The Australian government is investing around $132 million in a new fund to modernize the country’s waste and recycling capacity. An export ban on sending waste to other countries looms ahead.
Every year Australians generate approximately 67 million metric tons of trash, and that amount has only been growing, officials said.
In response, Prime Minister Scott Morrison’s government established a Recycling Modernization Fund that’s expected to stimulate more than $418 million in recycling investment and “drive a billion-dollar transformation of Australia’s waste and recycling capacity,” according to the Minister for the Environment, Sussan Ley.
Early in 2018, a Chinese ban on waste imports was estimated to affect 1.25 million metric tons of Australia’s trash, Reuters reported at the time, citing research from the consultancy Blue Environment. Although an initial Australian plan to stop the export of waste was set to begin on July 1, restrictions related to covid-19 pushed that deadline to January 1, 2021, the Department of Agriculture, Water and the Environment noted.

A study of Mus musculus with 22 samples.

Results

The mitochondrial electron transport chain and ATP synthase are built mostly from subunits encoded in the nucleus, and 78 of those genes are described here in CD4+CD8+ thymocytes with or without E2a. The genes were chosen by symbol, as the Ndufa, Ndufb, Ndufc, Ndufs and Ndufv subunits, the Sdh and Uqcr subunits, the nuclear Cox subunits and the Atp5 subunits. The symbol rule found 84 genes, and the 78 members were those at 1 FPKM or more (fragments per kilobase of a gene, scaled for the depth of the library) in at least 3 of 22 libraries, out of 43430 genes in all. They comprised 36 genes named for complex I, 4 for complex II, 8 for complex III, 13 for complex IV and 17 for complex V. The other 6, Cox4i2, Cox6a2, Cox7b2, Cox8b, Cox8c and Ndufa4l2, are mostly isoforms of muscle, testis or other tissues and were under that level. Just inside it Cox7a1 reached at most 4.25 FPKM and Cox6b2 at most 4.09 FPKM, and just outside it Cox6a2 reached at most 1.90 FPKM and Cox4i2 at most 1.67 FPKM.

The new government fund supports investment in infrastructure for sorting, processing, and remanufacturing materials including mixed plastic, paper, tires, and glass, officials said. They added that the Commonwealth funding is contingent on investments from industry, states, and territories.
Waste legislation also encourages companies to improve their product stewardship and take responsibility for the waste they generate, according to government officials.
“Australian companies are turning plastics and household waste into furniture, decking, fencing, and clothing, and we are developing new domestic markets for recycled materials by setting national standards for recycled content in roads and making recycled products a focus of procurement for infrastructure, defense estate management, and general government purchasing,” said Trevor Evans, Assistant Minister for Waste Reduction and Environmental Management.